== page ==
Maldives violence spreads

2012-02-09 10:53

Malé – The new Maldivian president has made urgent cabinet appointments to try and contain violence that has spread across the archipelago nation since his predecessor said he was forced to resign in a coup.

President Mohamed Waheed appointed retired colonel Mohamed Nazim as defence minister and lawyer Mohamed Jameel Ahmed as interior minister, presidential aide Mohamed Shareef said today.

“Even though the appointment of a national unity cabinet is taking time, the president made these two urgent appointments to take charge and control the spread of violence since Wednesday evening,” Shareef said.

Waheed was sworn in on Tuesday just hours after his predecessor announced his resignation in a televised press conference.

Nasheed later claimed that he had been forced to step down in what was an effective coup d’etat orchestrated by opposition leaders with the backing of the security forces.

Violence erupted across the holiday resort island yesterday as supporters of former president Mohamed Nasheed stormed police stations and burned government buildings in outlying atolls.

In the capital Malé, thousands of protesters clashed with security forces near the police and military headquarters.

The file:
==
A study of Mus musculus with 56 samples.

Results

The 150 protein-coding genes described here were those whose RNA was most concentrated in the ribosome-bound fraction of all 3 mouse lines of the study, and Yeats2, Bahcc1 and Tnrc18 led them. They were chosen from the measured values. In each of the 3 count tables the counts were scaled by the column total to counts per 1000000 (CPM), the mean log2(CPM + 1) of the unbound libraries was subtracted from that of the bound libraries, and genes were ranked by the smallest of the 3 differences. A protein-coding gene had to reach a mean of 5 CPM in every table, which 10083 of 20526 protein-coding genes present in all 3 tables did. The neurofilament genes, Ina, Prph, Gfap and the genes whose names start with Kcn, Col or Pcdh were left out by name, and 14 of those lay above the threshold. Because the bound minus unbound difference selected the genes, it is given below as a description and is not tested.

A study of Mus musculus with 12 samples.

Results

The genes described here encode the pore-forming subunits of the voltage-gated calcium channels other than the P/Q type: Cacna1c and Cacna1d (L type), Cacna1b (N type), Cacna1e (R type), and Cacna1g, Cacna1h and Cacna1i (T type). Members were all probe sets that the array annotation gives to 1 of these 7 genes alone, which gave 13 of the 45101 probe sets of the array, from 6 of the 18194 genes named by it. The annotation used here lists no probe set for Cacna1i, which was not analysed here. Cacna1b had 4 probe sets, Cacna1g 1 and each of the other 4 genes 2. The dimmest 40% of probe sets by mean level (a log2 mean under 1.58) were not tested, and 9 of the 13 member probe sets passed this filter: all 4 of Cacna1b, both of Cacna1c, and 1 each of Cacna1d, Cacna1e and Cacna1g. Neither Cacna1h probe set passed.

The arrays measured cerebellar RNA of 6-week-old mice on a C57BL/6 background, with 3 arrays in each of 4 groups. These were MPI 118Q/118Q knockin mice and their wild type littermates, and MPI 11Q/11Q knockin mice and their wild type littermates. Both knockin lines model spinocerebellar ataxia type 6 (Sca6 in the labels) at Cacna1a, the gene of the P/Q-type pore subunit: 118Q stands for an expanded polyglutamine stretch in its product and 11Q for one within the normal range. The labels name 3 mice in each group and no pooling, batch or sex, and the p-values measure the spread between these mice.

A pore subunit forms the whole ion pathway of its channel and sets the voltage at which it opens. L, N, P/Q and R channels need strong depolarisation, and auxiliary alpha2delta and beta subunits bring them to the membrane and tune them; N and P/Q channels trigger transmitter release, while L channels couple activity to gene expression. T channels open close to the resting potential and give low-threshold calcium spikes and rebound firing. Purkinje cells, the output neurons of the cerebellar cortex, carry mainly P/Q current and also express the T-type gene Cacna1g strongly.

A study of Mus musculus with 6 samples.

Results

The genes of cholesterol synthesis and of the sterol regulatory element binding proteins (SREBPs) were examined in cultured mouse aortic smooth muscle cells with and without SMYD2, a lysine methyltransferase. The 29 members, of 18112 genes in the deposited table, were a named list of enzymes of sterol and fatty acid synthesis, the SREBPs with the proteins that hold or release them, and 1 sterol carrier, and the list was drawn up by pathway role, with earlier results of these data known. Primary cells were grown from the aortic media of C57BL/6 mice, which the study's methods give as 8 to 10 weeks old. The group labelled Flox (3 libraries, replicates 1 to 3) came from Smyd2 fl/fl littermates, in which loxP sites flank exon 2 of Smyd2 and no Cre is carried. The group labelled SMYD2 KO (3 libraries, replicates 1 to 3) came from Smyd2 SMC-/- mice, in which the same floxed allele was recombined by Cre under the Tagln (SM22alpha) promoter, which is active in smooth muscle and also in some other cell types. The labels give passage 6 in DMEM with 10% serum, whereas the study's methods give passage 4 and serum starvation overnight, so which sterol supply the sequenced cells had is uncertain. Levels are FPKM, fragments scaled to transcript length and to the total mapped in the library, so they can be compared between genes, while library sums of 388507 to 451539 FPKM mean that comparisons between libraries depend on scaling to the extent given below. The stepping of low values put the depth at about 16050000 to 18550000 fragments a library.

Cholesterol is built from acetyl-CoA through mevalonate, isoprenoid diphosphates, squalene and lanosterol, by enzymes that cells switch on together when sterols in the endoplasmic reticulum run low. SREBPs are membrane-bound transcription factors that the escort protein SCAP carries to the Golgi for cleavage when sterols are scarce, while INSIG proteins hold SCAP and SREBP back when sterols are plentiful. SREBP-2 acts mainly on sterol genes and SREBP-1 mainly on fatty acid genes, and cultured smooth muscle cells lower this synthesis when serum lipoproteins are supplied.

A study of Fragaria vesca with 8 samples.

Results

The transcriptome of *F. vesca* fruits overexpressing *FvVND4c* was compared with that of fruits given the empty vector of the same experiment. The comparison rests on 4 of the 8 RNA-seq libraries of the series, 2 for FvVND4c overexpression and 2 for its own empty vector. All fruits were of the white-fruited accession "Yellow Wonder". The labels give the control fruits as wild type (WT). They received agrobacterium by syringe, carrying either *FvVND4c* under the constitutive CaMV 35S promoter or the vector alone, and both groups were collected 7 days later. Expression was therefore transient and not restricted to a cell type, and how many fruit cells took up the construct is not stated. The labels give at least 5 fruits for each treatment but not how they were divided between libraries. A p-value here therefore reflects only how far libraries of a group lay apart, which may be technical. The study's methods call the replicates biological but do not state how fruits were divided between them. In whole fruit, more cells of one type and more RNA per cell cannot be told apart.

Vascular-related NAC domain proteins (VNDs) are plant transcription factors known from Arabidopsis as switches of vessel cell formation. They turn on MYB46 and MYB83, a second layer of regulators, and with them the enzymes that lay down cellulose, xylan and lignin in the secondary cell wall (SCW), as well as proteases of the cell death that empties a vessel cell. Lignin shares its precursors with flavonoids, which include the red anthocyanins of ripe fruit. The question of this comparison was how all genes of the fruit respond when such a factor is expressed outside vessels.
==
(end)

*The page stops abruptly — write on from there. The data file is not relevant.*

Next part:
Shareef accused Nasheed of inciting his supporters to unleash “anarchy” on the streets.

Maldivian police declined to give details of any casualties, but denied media reports that as many as three people may have been killed in the unrest.

Police Chief Inspector Abdul Mannan Yoosuf confirmed that violence in the capital had spread to far flung atolls, but added that tourist resorts were unaffected.

The Maldives is dependent on tourism and its resorts, popular with high-end honeymooners, are mostly located on otherwise uninhabited coral islets.

Yoosuf said police were planning a “joint operation with the armed forces” to bring the situation under control”.

It is the Maldives’ worst unrest since clashes in 2003 following the death of an inmate at the hands of security forces, an event which sparked the process of democratic change on the Indian Ocean islands.

In Washington, the state department called for calm and said a senior US envoy would visit the Maldives on Saturday, but stopped short of describing events as a coup.

Nasheed said he suspected Waheed, his former vice-president, had known of a plot to overthrow him.